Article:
What Coca-Cola's 'pixel flavored' soda tastes like

Image for What Coca-Cola's 'pixel flavored' soda tastes like
(Image credit: Future)

After I shared the announcement of Coca-Cola Zero Sugar Byte, a limited edition "pixel flavored" soda that is supposed to have something to do with the metaverse, a Coca-Cola representative contacted me and asked if I'd like to try a can. I said sure, and they mailed me one.

I'll get right to it: The soda tastes a bit like grape flavoring to me. It's very fizzy, and much sweeter than I expected for a sugar-free drink, so much so that it starts to simulate the stickiness of high fructose corn syrup as the carbonation recedes. It reminded me slightly of grape cough syrup (it was also more viscous than I expected) or grape Pez.

I haven't had either of those things in a long time, though, so maybe I'm mistaken about their flavors. After looking at other Coca-Cola Byte taste tests, I'm worried that I might not be qualified to taste soda. Another person who tried it said it tasted like angostura bitters and "herbs and spices." It didn't taste anything like those things to me. It tasted like grape. Cnet, meanwhile, said it just tasted like a sweeter Coke Zero. 

Here's what Coca-Cola Byte truly reminded me of: When I was 13 or so, I used to get one of those jumbo Pixy Stix (long plastic tubes full of flavored sugar) from an ice cream truck on the way home from school and then lie on my bed with it sticking vertically out of my mouth, as if I were at the bottom of a pond with it as my snorkel. As I ingested the candy, some amount of saliva inevitably got into the tube's opening, dissolving the escaping sugar and forming a sticky blockage of sludge that had to be squeezed out. (In severe cases, scissors could be used to cut the tube above the blockage, or to open the other end.) Coca-Cola Zero Sugar Byte didn't precisely taste like grape Pixy Stix, but drinking it reminded me of that sludge, somehow.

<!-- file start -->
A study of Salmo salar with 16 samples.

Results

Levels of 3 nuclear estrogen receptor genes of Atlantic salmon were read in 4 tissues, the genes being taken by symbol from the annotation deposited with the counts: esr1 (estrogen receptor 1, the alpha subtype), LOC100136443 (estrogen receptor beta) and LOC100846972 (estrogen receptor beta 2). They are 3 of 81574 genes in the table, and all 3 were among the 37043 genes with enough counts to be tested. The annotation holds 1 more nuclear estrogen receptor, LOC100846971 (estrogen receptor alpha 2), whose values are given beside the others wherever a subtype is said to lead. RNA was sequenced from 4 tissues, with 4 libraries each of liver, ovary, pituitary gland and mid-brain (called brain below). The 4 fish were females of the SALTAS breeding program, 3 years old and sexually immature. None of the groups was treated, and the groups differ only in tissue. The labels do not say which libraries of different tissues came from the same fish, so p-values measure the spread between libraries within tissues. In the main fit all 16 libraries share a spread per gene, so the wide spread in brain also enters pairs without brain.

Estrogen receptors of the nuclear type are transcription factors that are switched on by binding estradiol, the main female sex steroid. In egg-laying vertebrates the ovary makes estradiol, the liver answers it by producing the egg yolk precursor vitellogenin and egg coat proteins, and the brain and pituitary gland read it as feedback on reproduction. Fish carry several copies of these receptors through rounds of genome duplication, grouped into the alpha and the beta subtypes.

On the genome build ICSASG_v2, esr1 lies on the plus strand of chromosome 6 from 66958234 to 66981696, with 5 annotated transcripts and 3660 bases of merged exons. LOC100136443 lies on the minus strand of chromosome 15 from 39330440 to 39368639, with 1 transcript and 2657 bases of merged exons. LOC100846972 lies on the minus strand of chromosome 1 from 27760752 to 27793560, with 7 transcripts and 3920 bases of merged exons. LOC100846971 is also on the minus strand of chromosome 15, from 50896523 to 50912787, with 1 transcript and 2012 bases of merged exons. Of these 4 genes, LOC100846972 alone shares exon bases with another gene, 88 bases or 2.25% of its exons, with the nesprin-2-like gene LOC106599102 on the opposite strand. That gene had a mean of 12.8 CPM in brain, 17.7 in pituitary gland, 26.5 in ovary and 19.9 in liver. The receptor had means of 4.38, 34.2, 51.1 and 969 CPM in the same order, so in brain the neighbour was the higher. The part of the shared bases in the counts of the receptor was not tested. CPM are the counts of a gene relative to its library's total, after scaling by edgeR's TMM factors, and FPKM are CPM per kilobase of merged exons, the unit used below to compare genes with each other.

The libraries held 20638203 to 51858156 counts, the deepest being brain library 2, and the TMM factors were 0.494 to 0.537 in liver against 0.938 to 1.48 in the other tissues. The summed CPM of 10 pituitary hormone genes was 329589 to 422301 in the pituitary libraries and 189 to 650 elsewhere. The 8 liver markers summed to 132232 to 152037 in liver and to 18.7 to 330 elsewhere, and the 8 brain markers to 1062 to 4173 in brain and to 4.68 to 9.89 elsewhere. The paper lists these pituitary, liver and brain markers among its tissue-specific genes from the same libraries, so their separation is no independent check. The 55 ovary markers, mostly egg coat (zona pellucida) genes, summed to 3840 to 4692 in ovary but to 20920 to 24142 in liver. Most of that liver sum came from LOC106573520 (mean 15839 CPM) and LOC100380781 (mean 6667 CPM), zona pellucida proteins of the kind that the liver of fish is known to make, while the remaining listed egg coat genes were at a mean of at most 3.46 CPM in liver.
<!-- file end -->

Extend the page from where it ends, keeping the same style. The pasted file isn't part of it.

So, it's not bad. I liked it. Granted, I used to be a five-a-day Diet Coke drinker, and now I only allow myself to have soda of any kind once a week, so it would've been a treat no matter what its flavor was.

Did it taste like pixels, though? I don't think so. Pixels don't taste like anything, but if they did, I think they would taste like pennies and lime.

Coca-Cola also says that Coca-Cola Byte is "reminiscent of powering up a game." People don't really say that they're "powering up" games anymore, so while trying to decide if it really was reminiscent of that, I once again thought of the past: drinking Bawls while playing Warcraft 3 at an internet café. Coca-Cola Zero Sugar Byte doesn't taste like Bawls, although to be honest I can't remember exactly what Bawls tastes like. I know it's made with guarana, though, and there's none of that in Byte. Maybe Byte just tastes like 2002?

This is the face I made after trying a sip of Coca-Cola Byte and trying to decide what it tasted like, if that somehow indicates its flavor to you.

This is the face I made after trying a sip of Coca-Cola Byte and trying to decide what it tasted like, if that somehow indicates its flavor to you. (Image credit: Future)

Coca-Cola Zero Sugar Byte is only available for purchase online, and two 12 oz cans cost $14.77. That means the can I drank cost about $7. I'm not sure there's any can of soda I'd recommend for $7, except maybe one that, instead of soda, contains $8. 

Some people hold on to cans of special edition Coke and sell them to collectors—someone recently sold a case of Stranger Things Coke for $50, for example—and the Coca-Cola rep told me that fewer than 25,000 of these Byte cases are available. That's one way to make a $7 can of soda worth $8, but you don't get to drink it. There are probably better things to invest in than novelty soda.

All things considered, Coca-Cola Byte is a pretty decent representative for the metaverse. Its scarcity has been controlled to create the impression that it's valuable, but it exists only to be desired, and its actual qualities seem impossible to define—the more you try to know what it is, the more it fizzes into nothingness. (Or a sort of grape flavor, maybe.)

Tyler Wilde
Executive Editor

Tyler grew up in Silicon Valley during the '80s and '90s, playing games like Zork and Arkanoid on early PCs. He was later captivated by Myst, SimCity, Civilization, Command & Conquer, all the shooters they call "boomer shooters" now, and PS1 classic Bushido Blade (that's right: he had Bleem!). Tyler joined PC Gamer in 2011, and today he's focused on the site's news coverage. His hobbies include amateur boxing and adding to his 1,200-plus hours in Rocket League.